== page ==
Slow Money?

Looking out into our future I see a time where we don't use money at all, but instead value and appreciate what each of us has to offer to humanity just by being. I also see that the manifestation of such a concept may take awhile.

There are steps we can take to get from here to there, and "Slow Money" is one of them.

For convenience I've posted the vision of this organization below. You can read more about this wonderful idea, the principles and the people behind it, here.

Slow Money

Thousands of Americans have begun affirming a new direction for the economy. It’s called Slow Money.

Inspired by the vision of Inquiries into the Nature of Slow Money: Investing As If Food, Farms and Fertility Mattered, published in 2009, the Slow Money Alliance is bringing people together around a new conversation about money that is too fast, about finance that is disconnected from people and place, about how we can begin fixing our economy from the ground up... starting with food.



Slow Money is bringing people together around a shared vision about what it means to be an investor in the 21st Century:

It starts with the soil.
The soil teaches us that we must put back as much as we take out to ensure long term health and a strong, secure, restorative economy. Life in the soil is all about diversity and regeneration, a large number of small organisms working together in a healthy system. When we erode our soil, we erode our social capital, we erode community.

Entrepreneurs are the seeds.
In contrast to far-flung multi-national corporations and financial institutions that are too large to understand, small food enterprises are comprehensible. We live near them. We can connect to them directly. Their entrepreneurs are our fellow community members. They create jobs, promote cultural, ecological and economic diversity, and build robust local food systems.

Investors are the water.
Money can erode. Or money can nurture. Millions of us, slowing just a little of our money down, can begin to create the nurture capital industry—as important to the next generation as venture capital has been to this generation. Looking at philanthropy and investment through the lens of food, soil and place, we will find new ways to rebuild trust and to support millions of small acts of entrepreneurial care.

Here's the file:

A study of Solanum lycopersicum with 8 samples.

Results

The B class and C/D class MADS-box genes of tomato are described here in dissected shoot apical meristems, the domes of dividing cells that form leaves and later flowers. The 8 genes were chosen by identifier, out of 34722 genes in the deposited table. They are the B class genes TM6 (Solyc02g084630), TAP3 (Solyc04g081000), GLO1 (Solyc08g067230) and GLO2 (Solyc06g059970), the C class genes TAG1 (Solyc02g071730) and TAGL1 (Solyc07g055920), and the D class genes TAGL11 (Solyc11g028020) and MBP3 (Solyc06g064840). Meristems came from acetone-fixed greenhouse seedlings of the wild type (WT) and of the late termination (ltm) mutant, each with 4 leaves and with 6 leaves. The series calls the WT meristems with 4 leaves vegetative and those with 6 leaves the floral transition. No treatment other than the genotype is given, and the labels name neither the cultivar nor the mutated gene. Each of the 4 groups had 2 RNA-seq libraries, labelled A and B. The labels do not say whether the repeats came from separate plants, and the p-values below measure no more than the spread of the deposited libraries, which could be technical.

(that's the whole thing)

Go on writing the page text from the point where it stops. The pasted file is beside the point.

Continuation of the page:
Saving farmland, supporting a new generation of small and mid-size organic farmers, rebuilding local and regional food processing and distribution, improving nutrition and otherwise remedying the imbalances of a food system that is too consolidated, too global and too industrial—where will the money come from? From Wall Street? From philanthropy? From government programs? From consumers?

One thing is certain: a new generation of entrepreneurs is starting to rebuild local food systems and the capital available to them is insufficient. If we want this capital to start flowing today, this year, this decade, if we share the belief that we don’t have another generation to wait for “them” to figure it out or be pushed in this direction by disruption or collapse, then we have to roll up our sleeves, sink our hands into the soil of the economy and start planting.

You can support this vision by becoming a member, making a donation, attending the National Gathering, or signing the Slow Money Principles.
Slow Money Principle III:

The 20th Century was the era of Buy Low/Sell High and Wealth Now/Philanthropy Later—what one venture capitalist called “the largest legal accumulation of wealth in history.” The 21st Century will be the era of nurture capital, built around principles of carrying capacity, care of the commons, sense of place and nonviolence.